Addiction Helpline and Resource Center

Pseudo-Addiction and Painkiller Dependence

Pseudo-Addiction and Painkiller DependenceMost often associated with chronic pain, pseudo-addiction is the term for a syndrome that has behaviors associated with addiction. This syndrome is inadvertently induced as a result of medical treatment or diagnostic procedures.

Chronic Pain and Painkillers

People who suffer with chronic pain are no longer able to live the life they previously lived. They experience ongoing pain, cannot sleep, have weakened immune systems, and suffer with hopelessness, fear, depression, irritability, anxiety, and stress. Because of these daily struggles, people with chronic pain often have a loss of mobility, decreased sexual activity, marital conflicts, and thoughts of suicide. Therefore many people with chronic pain accept the painkiller their doctor prescribes. The most common painkillers prescribed for chronic pain include the following:

  • Celebrex
  • Tramadol
  • Demerol
  • Lorcet
  • Vicodin
  • Lortab
  • Percocet and Percodan
  • Fentanyl
  • OxyContin
  • Oxycodone

Unfortunately, the risks and side effects of these drugs are significant and can include nausea, constipation, headache, dizziness, addiction, and heart attack.

Common Signs of Painkiller Addiction

It is often difficult to determine when a person who has prescribed painkiller medications moves from dependence to abuse to addiction. This is especially true when a person has a pseudo-addiction due to chronic pain. However, there are some signs that indicate that you may need to re-evaluate your painkiller use to ensure that you are not becoming addicted. These signs include the following:

  • Using the drug even when the pain is not being managed
  • Using the pseudo-addiction symptoms in an attempt to get more medication
  • Ignoring other pain management strategies
  • Experiencing mood and behavior changes associated with the medication schedule, not the chronic pain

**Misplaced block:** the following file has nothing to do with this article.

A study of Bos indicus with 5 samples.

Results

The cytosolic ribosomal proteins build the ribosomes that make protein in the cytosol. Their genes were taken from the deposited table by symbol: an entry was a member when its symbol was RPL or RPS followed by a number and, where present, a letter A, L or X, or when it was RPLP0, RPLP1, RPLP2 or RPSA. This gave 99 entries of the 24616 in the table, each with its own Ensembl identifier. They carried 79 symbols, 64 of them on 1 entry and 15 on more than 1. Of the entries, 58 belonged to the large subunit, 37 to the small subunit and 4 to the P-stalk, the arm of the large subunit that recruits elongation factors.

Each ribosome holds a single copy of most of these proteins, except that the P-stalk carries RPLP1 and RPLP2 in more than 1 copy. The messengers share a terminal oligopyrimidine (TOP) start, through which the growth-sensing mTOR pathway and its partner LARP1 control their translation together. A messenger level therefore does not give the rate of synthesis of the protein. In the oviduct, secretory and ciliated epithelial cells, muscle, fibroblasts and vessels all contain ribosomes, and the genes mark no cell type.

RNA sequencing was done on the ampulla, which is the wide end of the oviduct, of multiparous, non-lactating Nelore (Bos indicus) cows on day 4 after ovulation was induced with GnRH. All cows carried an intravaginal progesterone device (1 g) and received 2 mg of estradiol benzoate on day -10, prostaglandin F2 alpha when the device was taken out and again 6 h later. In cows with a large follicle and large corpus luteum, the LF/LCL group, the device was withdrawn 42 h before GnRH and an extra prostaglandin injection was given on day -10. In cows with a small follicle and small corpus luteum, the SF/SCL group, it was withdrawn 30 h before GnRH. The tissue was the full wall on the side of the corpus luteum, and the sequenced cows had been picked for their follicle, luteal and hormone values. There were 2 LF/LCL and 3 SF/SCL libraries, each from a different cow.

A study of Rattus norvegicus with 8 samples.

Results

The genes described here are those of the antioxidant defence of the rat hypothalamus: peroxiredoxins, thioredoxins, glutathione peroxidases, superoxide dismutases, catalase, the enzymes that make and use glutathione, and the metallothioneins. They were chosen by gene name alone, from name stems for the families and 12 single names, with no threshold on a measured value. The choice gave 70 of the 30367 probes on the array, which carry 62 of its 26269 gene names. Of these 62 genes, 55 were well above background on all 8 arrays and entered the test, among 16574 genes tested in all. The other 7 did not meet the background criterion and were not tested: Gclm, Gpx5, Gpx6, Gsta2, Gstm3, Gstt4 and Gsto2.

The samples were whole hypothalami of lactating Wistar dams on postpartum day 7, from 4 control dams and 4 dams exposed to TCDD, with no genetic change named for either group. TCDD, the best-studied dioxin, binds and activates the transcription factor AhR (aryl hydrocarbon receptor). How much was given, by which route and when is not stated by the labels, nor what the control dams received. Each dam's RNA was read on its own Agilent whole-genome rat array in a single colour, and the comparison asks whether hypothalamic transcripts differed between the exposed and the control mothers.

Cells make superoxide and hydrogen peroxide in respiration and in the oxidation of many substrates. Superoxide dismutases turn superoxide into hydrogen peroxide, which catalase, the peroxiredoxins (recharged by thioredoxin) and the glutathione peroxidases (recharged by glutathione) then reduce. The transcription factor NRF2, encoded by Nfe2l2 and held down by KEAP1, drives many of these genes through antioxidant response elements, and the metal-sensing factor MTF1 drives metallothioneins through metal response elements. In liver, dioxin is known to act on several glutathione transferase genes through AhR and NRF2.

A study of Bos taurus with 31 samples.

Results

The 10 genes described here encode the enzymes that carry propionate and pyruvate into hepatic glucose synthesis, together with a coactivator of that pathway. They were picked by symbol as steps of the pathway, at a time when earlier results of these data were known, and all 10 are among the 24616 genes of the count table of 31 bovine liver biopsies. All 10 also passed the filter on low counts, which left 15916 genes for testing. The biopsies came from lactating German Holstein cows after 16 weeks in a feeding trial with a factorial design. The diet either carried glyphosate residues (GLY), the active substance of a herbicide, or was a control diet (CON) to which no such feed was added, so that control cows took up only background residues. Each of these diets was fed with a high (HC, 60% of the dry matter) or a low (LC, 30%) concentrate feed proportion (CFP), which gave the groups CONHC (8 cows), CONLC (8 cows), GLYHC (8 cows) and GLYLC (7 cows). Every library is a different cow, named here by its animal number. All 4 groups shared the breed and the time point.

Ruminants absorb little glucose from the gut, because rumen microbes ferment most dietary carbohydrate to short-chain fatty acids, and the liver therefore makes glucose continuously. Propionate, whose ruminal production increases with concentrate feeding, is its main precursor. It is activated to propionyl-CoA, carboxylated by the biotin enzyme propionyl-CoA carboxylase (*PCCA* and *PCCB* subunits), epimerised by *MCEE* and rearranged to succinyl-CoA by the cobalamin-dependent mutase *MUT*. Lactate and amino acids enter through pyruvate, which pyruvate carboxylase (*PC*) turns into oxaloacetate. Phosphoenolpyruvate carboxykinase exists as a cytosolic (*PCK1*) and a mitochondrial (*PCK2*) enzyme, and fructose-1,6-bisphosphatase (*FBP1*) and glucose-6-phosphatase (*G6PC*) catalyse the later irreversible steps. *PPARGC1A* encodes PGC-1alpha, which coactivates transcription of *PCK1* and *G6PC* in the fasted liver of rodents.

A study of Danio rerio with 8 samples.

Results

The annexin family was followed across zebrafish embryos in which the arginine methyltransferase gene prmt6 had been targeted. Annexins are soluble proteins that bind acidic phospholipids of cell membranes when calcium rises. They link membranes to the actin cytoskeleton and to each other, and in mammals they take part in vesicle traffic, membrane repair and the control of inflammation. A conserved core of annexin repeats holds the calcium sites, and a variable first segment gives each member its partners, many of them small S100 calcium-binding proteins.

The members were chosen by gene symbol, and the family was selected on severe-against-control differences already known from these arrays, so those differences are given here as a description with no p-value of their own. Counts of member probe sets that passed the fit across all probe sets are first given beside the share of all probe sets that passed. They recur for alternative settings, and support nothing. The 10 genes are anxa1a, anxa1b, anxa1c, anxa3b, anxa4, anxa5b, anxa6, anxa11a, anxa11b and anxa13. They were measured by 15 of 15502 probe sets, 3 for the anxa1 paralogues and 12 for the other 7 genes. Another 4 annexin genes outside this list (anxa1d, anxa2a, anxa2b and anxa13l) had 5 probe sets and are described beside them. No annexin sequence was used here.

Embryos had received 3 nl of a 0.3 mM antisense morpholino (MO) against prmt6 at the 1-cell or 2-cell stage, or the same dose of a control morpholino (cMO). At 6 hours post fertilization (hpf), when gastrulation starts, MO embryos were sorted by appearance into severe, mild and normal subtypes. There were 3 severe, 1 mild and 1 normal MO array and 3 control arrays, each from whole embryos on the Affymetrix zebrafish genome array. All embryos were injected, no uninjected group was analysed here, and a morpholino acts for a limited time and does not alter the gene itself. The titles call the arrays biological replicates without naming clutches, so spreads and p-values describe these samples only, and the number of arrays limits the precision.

• Being secretive or deceitful about getting and using the drugs
  • Using drugs prescribed to others
  • Feeling physical withdrawal symptoms when doses are missed
  • Using more than the recommended amount of medication
  • Becoming withdrawn from friends, family and society
  • Incurring financial problems associated purchasing more pills
  • Having a past history of drug addiction

Any one of these indicators should make you stop and evaluate your drug use. If you have several indicators, reach out and get help.

Treating Addiction and Pain

According to the National Institutes of Health (NIH) there are several factors that can contribute to effective chronic pain management and addiction, including the following:

  • Having only one physician prescribe all pain medications
  • Encouraging maintenance of stability at home and at the workplace
  • Periodically weaning the patient from the pain medication to assess the pain syndrome and level of function
  • Reducing opioid use to the minimum dose necessary to effectively relieve pain while maintaining an effective level of function
  • Using nonpsychotropic pain management options when possible without sacrificing effective pain relief or level of function

Often, it is recommended that a person detox from painkiller medications in order to assess his or her level of drug dependence and tolerance.

If you need a sensitive treatment option, you will want an integrated treatment program that considers both your addiction and your chronic pain issues. You also want to make sure that the medical staff associated with the addiction facility has experience dealing with chronic pain.

Get Help for Pseudo-Addiction and Painkiller Dependence

Dealing with chronic pain is a daily struggle. When people with chronic pain become overly focused on their pain medication, it may be an indication that they are becoming addicted. When it comes to finding help with your pseudo-addiction and painkiller dependence, we can help you learn about resources that could benefit you. Please call our toll-free number today. We are available 24 hours a day to answer any questions you might have about addiction.